There has been an increasing interaction between ideas and cultures that cross boundaries and nations. It has included the area of contemporary literature that is available across a transnational field. This type of literature has developed as a consequence of the transfer of information and ideas within different peoples. Borders in literature have no crossings as reflected in traditions, so new literary works have been formed. Transnational literature is normally based on the nation state it originated from, and transnational literature should not be confused with cosmopolitanism, globalization and internationalization. Basically, transnational literature spans border and blurs the lines.
Great Transnational Literature
For those people who wonder where they belong or perhaps have left their home countries, returned home and then question why it is not the same, the transnational literature definitely offers some answers and help. Perhaps these four books will help you to understand transnational literature better: No Longer at Ease by Chinua Achebe, A Movable Feast written by Ernest Hemingway, Sara Suleri’s Meatless Days: A Memoir, and The Buddha in the Attic by Julie Otsuka.
No Longer at Ease
No Longer at Ease is a novel written about a student who leaves his native Nigeria and goes to study in Britain. And as the title suggests, the whole scenario leaves him no longer at ease. The story expands upon the upheaval of moving to a different country and trying to settle in to a new culture. The tale delves into the difficulties of returning to Nigeria and an inherent feeling that the student feels which is somewhat changed to when he left.
A Moveable Feast
This book is basically a collection of Ernest Hemingway’s journals that he wrote in the 1920s. Hemingway is considered by many people as an American writer although a lot of his work was written outside of his homeland and about other countries. You can see this by the location of this book as it is set in Paris, and it is a reflection of the life he spent with his first wife. It leaves the reader with a profound sense that he yearns for this time, when he was young and in love with a person he was happy with.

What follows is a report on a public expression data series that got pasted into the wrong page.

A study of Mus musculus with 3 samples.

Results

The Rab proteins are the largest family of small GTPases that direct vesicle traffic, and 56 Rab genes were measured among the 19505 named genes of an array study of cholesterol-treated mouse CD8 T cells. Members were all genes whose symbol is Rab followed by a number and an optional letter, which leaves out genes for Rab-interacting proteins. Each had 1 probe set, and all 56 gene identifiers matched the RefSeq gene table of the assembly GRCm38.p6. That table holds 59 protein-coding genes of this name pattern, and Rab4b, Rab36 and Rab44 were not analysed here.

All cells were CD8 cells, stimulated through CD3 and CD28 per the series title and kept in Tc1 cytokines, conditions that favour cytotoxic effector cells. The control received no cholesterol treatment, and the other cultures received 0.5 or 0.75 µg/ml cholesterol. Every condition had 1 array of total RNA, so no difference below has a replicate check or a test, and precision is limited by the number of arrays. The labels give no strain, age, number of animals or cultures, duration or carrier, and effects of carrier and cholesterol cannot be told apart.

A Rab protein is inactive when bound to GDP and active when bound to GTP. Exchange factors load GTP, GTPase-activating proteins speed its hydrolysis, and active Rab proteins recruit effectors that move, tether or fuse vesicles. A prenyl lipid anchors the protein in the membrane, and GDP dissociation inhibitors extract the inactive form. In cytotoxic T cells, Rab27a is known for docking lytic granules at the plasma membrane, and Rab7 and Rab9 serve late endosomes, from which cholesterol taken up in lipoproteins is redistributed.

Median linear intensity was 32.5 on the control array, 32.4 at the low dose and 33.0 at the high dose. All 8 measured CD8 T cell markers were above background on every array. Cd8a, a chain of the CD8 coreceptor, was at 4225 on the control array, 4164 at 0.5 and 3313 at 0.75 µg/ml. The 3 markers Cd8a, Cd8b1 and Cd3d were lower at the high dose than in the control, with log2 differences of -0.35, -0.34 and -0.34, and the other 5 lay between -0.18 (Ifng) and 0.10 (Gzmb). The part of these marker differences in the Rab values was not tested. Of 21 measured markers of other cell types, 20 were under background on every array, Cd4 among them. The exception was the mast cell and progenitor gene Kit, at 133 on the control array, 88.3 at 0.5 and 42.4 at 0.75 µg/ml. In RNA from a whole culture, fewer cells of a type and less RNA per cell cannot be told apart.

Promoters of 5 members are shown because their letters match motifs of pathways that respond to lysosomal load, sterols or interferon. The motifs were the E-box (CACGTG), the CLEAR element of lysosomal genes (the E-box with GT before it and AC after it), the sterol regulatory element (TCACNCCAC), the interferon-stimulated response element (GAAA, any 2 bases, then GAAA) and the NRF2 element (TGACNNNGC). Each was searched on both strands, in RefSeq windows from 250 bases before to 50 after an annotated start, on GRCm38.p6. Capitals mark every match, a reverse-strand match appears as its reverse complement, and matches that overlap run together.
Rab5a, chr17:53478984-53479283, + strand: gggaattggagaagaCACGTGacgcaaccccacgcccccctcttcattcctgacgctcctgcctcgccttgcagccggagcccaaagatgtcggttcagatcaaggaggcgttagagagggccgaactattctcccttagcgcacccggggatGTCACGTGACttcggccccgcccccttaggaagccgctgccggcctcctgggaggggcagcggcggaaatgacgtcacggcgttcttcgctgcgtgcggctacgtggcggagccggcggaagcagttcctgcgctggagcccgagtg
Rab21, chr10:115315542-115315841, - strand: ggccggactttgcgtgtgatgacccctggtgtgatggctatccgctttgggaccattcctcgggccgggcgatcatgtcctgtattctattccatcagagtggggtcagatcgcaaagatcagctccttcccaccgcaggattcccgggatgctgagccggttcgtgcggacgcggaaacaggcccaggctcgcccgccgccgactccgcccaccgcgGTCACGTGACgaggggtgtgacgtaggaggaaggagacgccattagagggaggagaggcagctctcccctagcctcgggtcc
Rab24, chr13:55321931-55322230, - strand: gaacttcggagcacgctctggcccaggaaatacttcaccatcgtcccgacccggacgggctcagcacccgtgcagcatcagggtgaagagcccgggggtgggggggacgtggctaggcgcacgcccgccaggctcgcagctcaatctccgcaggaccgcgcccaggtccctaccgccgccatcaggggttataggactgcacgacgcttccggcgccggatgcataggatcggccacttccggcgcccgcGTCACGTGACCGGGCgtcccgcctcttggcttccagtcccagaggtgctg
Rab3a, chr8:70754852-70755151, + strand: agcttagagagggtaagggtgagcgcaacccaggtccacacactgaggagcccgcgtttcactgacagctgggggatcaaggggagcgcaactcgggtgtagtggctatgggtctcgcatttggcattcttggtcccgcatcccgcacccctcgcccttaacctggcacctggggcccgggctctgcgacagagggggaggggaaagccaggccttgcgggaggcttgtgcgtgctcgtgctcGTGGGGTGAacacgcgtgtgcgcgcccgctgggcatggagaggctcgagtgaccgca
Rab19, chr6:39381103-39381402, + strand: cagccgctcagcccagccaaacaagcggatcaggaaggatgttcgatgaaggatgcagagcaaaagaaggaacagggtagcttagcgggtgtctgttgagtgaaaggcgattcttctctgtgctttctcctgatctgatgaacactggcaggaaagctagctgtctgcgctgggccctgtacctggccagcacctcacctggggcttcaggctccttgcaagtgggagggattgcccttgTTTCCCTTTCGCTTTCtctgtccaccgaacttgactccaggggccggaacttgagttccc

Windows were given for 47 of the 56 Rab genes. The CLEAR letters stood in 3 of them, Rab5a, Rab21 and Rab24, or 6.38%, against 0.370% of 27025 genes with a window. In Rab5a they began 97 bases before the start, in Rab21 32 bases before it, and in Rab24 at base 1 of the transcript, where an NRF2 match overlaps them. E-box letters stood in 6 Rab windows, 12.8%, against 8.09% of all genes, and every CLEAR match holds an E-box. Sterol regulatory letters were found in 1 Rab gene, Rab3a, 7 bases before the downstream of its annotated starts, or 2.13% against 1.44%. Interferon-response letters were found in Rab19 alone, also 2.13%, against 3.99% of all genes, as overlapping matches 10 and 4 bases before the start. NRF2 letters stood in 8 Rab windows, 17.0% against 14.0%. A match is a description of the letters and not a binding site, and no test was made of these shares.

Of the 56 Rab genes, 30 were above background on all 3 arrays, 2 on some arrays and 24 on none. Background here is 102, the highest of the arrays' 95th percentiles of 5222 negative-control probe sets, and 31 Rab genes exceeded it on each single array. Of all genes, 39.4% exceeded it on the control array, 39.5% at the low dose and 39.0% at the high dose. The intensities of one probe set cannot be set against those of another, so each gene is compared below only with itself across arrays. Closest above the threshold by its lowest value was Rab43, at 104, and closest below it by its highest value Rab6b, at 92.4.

Meatless Days takes us back to the days immediately after the independence of Pakistan. It expands on the hardships when food was in short supply and what it was growing up at such a time. It is very much a story of a fledgling country as it tried to stand on its own two feet and be accepted by the rest of the world.
The Buddha in the Attic
A factual representation of the mass migration of the Japanese Picture Brides that was a precursor to WWII. The story is a descriptive narration of a group of women that tells individual tales of why these women left their homes in Japan and what their lives were like in their new location. As you can see by the details of these four books, they all have an overall repeated theme of transnationalism and all that it entails. It is bringing new cultures, places, countries together in a way that crosses borders with the power of literature.